For over a month now, I have been lugging Martin Chuzzlewit around in my bag. That’s me, sitting in the theater lobby reading Dickens and wondering if Marnie will ever end. (It’s the Met Live in HD at a local theater.) But to be honest, it’s a roll of the dice which bores me more, Martin Chuzzlewit or Marnie.
I am a great fan of Dickens, and I adored rereading Bleak House this fall. But instead of reading Martin Chuzzlewit straight through, I keep setting it aside for other books. As a result I have read a lot of light fiction this month, including E. M. Delafield’s The Way Things Are, an undistinguished novel about a disenchanted housewife, and Kate Carlisle’s bibliophile mystery, Once upon a Spine (don’t bother!). Not that I didn’t enjoy these books, but talk about mediocre!
On Oct. 28 I wrote in my journal:
Am making progress in Martin Chuzzlewit. Love the Pecksniffs! They’re so horrible, but really funny. Martin’s adventures in America, however, are dull, though he does get scammed and buys land in Eden, which turns out to be a swamp. Wow, the American values ARE SO BAD. I did know Dickens hated his tour of America. I didn’t remember Martin as so unlikable, but the Chuzzlewits and their relatives the Pecksniffs are all NO GOOD in different ways.
And since Oct. 28…nothing!
I have so many complaints about this excellently-written, weird book. First, the heft of it! The edition I’m reading: 839 pages. Not as long as Bleak House, but it seems longer. And I have to wrestle it it out of my handbag before I can get to my money, brush, memo pad, British Library pen, or trail mix. So whether I am at Dillard’s or Walmart, it is a huge production. “What a big book!” people say in a sprightly way.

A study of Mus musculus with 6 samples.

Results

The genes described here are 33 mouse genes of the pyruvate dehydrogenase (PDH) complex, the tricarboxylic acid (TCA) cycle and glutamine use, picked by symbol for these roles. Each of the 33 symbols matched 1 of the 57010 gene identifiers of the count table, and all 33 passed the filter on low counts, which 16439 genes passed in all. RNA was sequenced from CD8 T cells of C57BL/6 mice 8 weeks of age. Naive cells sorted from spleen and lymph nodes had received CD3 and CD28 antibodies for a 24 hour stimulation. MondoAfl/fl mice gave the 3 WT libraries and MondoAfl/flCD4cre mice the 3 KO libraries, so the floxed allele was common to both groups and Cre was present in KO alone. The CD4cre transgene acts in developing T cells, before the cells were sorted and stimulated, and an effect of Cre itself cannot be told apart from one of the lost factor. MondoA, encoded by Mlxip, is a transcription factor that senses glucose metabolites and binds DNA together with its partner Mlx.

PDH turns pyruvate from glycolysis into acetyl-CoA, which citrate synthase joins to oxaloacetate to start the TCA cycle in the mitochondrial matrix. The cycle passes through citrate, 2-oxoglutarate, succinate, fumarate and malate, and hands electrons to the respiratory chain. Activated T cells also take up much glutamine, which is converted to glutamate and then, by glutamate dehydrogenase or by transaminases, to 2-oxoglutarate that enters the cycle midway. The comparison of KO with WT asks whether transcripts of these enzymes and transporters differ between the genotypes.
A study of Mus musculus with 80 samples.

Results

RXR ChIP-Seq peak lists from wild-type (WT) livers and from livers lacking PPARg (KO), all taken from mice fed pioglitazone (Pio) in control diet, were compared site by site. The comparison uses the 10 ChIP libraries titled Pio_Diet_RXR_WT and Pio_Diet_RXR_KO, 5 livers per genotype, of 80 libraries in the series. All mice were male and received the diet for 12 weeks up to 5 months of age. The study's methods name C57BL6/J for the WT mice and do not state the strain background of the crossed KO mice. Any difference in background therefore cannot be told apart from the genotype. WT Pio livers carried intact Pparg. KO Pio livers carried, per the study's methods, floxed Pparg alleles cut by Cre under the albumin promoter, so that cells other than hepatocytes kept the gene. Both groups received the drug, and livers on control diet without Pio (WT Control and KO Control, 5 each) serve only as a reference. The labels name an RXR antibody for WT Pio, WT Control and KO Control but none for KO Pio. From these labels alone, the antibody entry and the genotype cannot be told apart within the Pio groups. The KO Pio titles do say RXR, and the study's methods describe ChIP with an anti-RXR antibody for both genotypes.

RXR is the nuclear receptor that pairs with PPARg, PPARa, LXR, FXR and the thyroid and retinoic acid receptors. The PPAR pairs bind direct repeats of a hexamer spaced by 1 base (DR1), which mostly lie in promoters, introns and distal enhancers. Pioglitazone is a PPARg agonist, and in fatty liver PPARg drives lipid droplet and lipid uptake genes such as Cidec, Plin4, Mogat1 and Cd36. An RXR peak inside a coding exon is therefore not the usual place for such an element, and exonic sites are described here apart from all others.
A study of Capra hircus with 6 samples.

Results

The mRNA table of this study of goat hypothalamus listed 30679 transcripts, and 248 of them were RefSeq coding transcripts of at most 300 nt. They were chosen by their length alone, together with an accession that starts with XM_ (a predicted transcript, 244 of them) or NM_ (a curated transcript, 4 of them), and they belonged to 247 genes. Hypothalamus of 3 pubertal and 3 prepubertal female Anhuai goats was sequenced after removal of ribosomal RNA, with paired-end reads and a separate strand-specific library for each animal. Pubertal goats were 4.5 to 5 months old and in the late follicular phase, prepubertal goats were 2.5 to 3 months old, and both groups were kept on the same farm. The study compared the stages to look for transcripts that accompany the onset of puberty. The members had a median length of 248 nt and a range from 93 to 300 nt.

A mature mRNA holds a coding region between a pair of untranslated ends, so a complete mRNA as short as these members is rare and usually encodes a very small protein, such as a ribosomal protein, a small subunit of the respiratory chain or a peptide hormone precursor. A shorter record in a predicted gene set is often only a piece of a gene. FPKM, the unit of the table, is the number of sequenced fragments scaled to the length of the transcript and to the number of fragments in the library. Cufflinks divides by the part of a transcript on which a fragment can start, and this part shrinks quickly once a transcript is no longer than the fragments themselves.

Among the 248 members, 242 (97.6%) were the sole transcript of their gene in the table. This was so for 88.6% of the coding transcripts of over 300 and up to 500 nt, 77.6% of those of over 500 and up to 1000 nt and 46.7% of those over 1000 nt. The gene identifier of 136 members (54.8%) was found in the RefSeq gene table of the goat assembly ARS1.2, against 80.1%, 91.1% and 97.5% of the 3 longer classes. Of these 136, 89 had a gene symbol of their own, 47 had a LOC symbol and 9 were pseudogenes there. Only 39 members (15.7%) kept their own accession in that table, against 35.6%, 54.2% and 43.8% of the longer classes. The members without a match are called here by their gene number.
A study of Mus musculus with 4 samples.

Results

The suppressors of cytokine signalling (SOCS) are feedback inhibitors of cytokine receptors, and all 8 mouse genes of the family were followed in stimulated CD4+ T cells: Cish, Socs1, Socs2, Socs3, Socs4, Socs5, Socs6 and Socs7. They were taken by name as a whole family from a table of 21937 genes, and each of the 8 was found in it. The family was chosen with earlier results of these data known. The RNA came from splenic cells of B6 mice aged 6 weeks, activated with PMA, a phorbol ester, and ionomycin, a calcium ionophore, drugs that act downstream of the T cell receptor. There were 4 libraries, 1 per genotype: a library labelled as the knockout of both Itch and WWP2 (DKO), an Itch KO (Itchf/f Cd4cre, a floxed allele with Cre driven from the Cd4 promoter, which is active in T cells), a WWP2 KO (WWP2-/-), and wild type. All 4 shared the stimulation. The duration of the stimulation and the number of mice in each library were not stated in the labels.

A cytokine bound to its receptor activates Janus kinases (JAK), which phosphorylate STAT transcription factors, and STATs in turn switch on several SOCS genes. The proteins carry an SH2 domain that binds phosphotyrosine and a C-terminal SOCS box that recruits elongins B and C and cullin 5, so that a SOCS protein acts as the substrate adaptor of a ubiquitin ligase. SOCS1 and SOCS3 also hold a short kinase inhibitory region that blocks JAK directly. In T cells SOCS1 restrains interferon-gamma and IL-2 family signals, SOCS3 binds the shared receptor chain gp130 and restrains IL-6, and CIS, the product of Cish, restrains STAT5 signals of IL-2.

(I silently raise my eyebrows.)
Perhaps Martin Chuzzlewit was unpopular in its day (and none too pop now) for a reason. There is no real plot, and the character sketeches don’t really hang together. The good characters are much less interesting than the wicked. I can take the Pecksniffs–and the affected daughters are eventually radicalized by learning the secrets of the Pecksniff men– but every time I read a scene about the Anglo-Bengalee Disinterested Loan and Assurance Company, I tune out. Who could find that funny?
At its worst, there are beautifully weird sentences. But I am not enjoying it, and can’t wait to finish.
The weird thing is that I enjoyed MC on a camping trip in the ’90s. That’s probably because there was nothing else to do while shivering on a rocky beach on Lake Superior.